The Ruataniwha Dam project in Hawke's Bay has suffered a major setback with one of the proposed institutional investors pulling out.
Trustpower says it has determined that it is not possible to invest in the planned dam because the return is not enough and just how many farmers will use the water is unknown.
In 2013, Trustpower and Maori iwi Ngai Tahu signed a memorandum of understanding with the Hawke's Bay Regional Council to look at investing more than $100 million in the water storage scheme.
However, Trustpower said on Thursday it now knows that the returns it would expect to get would not be high enough to recommend the investment to shareholders. It told the New Zealand Stock Exchange that investment is not possible within its risk and return framework.
Trustpower's general manager of commercial operations Chris O'Hara told Radio New Zealand's Checkpoint programme the level of return depends on how many farmers get involved, and there isn't enough certainty.
"At least a portion of the farmers in the area will take up supply from the scheme reasonably early on. What we don't know for sure is whether the level of uptake will occur early enough to give us the sort of returns that we need to get out of an investment like this."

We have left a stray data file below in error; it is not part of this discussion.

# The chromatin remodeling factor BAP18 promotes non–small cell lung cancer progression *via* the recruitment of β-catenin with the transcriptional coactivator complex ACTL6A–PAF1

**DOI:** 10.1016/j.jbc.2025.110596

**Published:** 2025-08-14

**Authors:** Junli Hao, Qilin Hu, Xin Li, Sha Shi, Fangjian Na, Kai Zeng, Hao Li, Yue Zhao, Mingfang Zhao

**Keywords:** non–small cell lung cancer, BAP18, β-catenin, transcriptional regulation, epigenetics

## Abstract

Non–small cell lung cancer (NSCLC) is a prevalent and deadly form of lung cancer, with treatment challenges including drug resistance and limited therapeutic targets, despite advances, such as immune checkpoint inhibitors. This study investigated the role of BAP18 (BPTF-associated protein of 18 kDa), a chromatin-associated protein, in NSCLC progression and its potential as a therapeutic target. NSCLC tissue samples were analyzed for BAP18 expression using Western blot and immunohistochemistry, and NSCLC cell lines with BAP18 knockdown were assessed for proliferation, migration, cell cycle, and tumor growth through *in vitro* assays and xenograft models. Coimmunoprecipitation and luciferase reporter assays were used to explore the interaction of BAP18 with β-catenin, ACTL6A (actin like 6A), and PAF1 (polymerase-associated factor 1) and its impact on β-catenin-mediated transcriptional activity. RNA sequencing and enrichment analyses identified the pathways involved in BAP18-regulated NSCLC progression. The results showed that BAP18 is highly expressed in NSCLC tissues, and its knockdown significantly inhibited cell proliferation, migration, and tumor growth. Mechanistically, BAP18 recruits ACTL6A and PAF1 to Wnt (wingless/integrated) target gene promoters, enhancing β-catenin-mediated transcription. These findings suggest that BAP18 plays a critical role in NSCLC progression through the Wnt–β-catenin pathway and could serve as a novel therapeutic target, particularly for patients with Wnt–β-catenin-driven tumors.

Mr O'Hara said Trustpower would want to have close to 100 percent uptake by farmers in the scheme, but at the moment indicative numbers are only about 40 percent.
Trustpower's withdrawal leaves a big hole in plans to fund the dam. However, the council's investment company said it is continuing to negotiate on a confidential basis with a number of parties.
Hawke's Bay Regional Investment Company chief executive Andrew Newman told Checkpoint the decision is disappointing, but is still confident that the project is viable.
Mr Newman said the key is to ensure the dam will have a large enough customer base of water users, which needs to happen sooner rather than later.